1. #11
    Lungs & Lips Locked Array Unkindloving's Avatar


    I usually find irritation in others when they are unaware of something about themselves that I am aware of in myself. I often feel that they should at least be aware, because that will benefit them far more greatly than not knowing their faults. It seems a bit backwards from the quote.
    It also sounds somewhat high and mighty, but I'm not claiming to have altered every aspect that may resonate between myself and another party that I find irritating. I just view that awareness as the potential to have a better handle over one's self, especially in relation to others, which is respectable to me.

    Otherwise, I agree with the quote. I've seen it in a lot of people. I've also had experiences where others have mentioned their need to change something about themselves, yet they've chosen to neglect that and instead directed their unsolicited efforts toward me. People are interesting creatures, although I can understand the prospect of wanting to learn how to adjust one's personal issues by watching/helping others fix their similar issues. Problem being self-neglect.
    Senior Member Array Lark's Avatar


    Not sure if there's a psych reason behind this but when I first read the title I read "everything which annoys us about others is about us" or something to that effect

  3. #13


    I think the only situation in which the quote doesn't apply is when a person already has the greatest understanding of themselves. This hardly happens, if it happens at all. There usually exists some portion of a person that has yet to be uncovered; but even if it was uncovered, who is to say the person would stop feeling irritation toward others?

    One can only dispel irritation if being aware of the irritation always allows one to transcend affect.

  4. #14
    Senior Member Array Tabula's Avatar
    9w1 so/sx


    This is especially interesting to me, and is something I've been putting much thought into for the past couple years. My mother was diagnosed with a personality disorder (among other things...) I don't intend for this to start a debate on the validity/truth in the existence of personality disorders, but to use as a background for my take on this.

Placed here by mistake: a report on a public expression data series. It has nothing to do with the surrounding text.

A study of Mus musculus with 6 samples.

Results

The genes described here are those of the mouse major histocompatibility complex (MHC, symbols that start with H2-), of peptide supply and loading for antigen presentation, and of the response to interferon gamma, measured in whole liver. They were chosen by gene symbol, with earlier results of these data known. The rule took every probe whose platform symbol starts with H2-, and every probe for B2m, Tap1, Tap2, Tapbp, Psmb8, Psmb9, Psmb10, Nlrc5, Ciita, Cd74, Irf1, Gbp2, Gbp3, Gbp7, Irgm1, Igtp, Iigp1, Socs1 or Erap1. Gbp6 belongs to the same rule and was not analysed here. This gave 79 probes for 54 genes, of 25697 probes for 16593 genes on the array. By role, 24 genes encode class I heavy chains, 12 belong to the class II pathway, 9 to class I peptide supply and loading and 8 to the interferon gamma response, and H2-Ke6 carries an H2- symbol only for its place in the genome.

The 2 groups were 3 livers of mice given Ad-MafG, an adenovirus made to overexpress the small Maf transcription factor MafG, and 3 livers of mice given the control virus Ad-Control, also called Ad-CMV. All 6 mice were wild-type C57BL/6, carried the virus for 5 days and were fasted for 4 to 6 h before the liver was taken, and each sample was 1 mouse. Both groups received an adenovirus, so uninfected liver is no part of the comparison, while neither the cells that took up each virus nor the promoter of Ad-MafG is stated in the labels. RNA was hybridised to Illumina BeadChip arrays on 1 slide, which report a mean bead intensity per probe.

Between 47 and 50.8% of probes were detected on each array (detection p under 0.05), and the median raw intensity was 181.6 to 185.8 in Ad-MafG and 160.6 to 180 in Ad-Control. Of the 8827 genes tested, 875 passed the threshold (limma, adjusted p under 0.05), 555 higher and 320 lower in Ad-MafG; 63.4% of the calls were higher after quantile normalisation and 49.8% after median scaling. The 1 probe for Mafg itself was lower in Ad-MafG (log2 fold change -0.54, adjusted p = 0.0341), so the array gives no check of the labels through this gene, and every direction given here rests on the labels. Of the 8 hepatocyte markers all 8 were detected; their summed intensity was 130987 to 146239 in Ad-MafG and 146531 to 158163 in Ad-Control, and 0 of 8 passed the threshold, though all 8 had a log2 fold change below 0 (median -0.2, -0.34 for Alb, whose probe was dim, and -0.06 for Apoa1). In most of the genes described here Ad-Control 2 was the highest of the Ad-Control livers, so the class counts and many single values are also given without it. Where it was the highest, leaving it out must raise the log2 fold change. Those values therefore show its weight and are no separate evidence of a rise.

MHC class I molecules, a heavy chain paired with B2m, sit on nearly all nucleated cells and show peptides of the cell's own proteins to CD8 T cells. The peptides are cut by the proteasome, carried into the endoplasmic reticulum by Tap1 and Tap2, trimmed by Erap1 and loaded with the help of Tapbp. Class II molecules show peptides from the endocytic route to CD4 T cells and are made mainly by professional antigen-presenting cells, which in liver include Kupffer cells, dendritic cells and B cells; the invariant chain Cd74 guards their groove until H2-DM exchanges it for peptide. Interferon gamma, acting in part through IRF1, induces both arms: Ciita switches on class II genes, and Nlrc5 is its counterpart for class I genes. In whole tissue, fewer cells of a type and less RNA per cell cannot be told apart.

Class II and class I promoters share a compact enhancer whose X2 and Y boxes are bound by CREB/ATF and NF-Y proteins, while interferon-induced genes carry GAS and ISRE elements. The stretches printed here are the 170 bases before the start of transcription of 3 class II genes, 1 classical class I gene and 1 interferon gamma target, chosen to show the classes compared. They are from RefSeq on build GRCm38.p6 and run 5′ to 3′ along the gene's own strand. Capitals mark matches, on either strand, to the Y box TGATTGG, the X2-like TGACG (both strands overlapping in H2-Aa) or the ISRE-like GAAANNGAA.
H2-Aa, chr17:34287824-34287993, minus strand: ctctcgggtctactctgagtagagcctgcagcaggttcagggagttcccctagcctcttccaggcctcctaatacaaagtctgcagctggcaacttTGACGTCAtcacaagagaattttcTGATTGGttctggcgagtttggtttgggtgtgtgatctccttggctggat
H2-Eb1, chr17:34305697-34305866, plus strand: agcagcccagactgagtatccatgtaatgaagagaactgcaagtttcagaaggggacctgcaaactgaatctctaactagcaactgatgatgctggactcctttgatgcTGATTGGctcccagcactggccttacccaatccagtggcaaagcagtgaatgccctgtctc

I have never really gotten along with my mother, but she's been getting progressively worse for quite a few years now. I've noticed that a few of the things she does - which irritate me to no end - other people, even in my own family, don't even see. I questioned why that was, then looked back at my own bad behavior in certain circumstances. I realized that I exhibit similar behavior but to a far lesser degree. This was absolutely crucial in my understanding of myself, though I think it did come at a price; I'm now petrified of ending up like her, and take great measures to ensure I correct my behavior in real-time when I see that I'm starting to do something I hate. It's also resulted in hyper-sensitivity/allergy to this kind of behavior in other people, which I think is unfair to them. I guess this is a good thing, but I'm worried about that over-compensation/fixation on not ending up that way being a sort of self-fulfilling prophecy, which is what happens at the extreme other end of this issue, I think.

    So, my point. Hm.

    Yes, I think this is definitely true, but that it's equally important to accept that you can't change your entire personality. Or, that while yes, there are always things you can work on, don't expect the outcome of acknowledging that you, too, have these issues, and working on them, to be perfection or a total eradication of all those faults. I am always going to struggle with this, I think, but honestly, it's just as important (at least for me) to accept myself (blah blah this sounds all cliche kumbaya-ish, but it's true.) No one likes a hypocrite, but no likes a paranoid, neurotic, self-monitoring, insecure hot mess, either.